At the start of the Internet and the first ever internet domain name boom, why has ‘dot com’ became the king and not ‘dot net’? This is a serious naming question and demands authoritative clarity to the answers. Form a nomenclature point of view; the global audience felt more comfortable with Com. It sounded better and more like ‘company’ while, Net sounded weaker, limited, network related and therefore techie. Despite being half portion of the name of the Internet, the Net suffix was left behind, and although both were equally accessible the global perception got in the way. In usage, each dot Net also became the proof that somewhere out there an identical name with dot com suffix already exists. Dot Com became official; dot Net just became plan B. The rest is history.
Today, with the launch of new and exciting 1600 proposed gTLDs, the choices will simply unleash a slew of unlimited new ideas for the global end-users. The influx will create amazing times for the right names and the right parties. The global public will get the taste of owning multiple domain names for multilayer of communication to enhance richer and selective experiences. No need to be in pool with 800 million folks but rather interacting with ‘117 winemaker, left-handed and collectors of toy trains’. ‘Divorce lawyers, only handling 3.7 million dollar pre nuptials, only serving Jersey wives’. The age of selective communication will creep over; a huge mind shift from getting buried in billion mix match search results. The domain name branding selection options at times tricky but variety will enable to identify microcosms around the globe, and special social clubs with extraordinary yet selective reach and connect-ability will emerge; global search with micro results. Google search has declined any special treatment to a new proposed suffix. However, it’s the tactical name branding of a name identity that will enable such selective outputs. Google will have to invent a ‘suffix based’ search features and options eventually.
Will dot com lose its power? No, because it has become the poster child of the domain names, most recognized symbol of domain suffixes and globally accepted pass of a certain level of credibility.
To surpass such dominance a new domain will have to first gain 100 million plus users and demonstrate its stamina of durability.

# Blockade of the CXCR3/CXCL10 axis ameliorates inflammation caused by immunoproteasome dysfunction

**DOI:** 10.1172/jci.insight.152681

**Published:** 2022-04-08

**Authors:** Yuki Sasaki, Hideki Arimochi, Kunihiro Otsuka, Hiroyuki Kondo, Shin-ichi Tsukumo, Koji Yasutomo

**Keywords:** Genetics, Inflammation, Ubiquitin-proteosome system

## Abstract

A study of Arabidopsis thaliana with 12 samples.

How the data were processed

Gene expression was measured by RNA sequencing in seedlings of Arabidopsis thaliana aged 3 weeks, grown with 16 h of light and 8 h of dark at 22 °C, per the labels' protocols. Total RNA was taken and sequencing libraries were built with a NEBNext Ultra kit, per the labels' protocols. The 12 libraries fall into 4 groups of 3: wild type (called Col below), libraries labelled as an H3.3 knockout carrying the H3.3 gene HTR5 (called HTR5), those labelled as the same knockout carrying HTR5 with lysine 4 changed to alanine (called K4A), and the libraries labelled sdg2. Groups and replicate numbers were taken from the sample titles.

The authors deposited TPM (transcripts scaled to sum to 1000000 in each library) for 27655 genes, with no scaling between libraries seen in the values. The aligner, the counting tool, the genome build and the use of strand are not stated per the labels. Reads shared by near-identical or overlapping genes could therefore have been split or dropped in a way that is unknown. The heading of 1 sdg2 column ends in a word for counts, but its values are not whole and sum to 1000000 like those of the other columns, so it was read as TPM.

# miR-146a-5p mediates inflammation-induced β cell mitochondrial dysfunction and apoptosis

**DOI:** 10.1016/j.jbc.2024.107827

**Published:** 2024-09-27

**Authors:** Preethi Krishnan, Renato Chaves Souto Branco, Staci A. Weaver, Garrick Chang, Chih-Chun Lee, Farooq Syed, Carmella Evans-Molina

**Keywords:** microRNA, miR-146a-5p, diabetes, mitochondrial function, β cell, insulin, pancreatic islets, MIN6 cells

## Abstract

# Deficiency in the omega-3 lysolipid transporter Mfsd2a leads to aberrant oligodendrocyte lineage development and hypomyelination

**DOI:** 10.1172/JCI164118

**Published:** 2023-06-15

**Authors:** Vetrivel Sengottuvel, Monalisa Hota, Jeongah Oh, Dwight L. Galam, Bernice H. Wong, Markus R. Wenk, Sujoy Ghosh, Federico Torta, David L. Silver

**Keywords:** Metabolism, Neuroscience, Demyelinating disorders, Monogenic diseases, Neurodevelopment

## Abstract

So long as the diverse gTLDs are fragmented and focused on their own targeted markets and agenda; the universality of use of dot com will stay intact and become even bolder. All new dot name candidates in their ‘usability test’ will be compared and bench marked against the ease of performance of dot com.
This may not be directly relevant in each and every new suffix but in global mind share, it will always be exist. Irrespective, the most new gTLD sales targets will not be so much based on cutthroat quantity but rather quality, exclusivity and special long term pricing.
Now as the selection of the first round of gTLDs get closer, the name and its alpha-structuring gets into the spotlight. The simplicity and ease of usability of a proposed domain suffix becomes critical, although at times denied by the gTLD owners immersed in their passion and beholder of an application may not see the hidden complications in the word, perception or mixed messages, the fact more options global public has more they will gravitate to simpler and easier solutions.
To the domain name trade, consisting of registry, registrars and domainers, a domain name has entirely different values from what the end user is seeking; registrations, renewal and cyber-squatting is one thing and ‘usability’ another. The trademark preaching has different merits what the hard core name marketability issues demand, Domain name speculation has more to do with financial wizardry and not the contextual longevity, elasticity or sustainable popularity of the name. The case in point is the last 22 gTLD and their varied range of success in the global markets. All those initial gTLDs were originated by the domain name trade and most lacked the global usability and nomenclature understanding. Although, some may have provided initial healthy returns but followed by declining renewal but not glaring success. All names are not created equal and like the first batch of 22 the current list of 1600 proposed names has serious nomenclature issues.
The domain trade can easily recover their investment on a gTLD as the markets are eventually global and the domain usage is widening. However the real success and leadership names will stand out in contrast to other mediocre fillers. The global cyber name branding gets an amazing future while the global naming complexities become a central topic.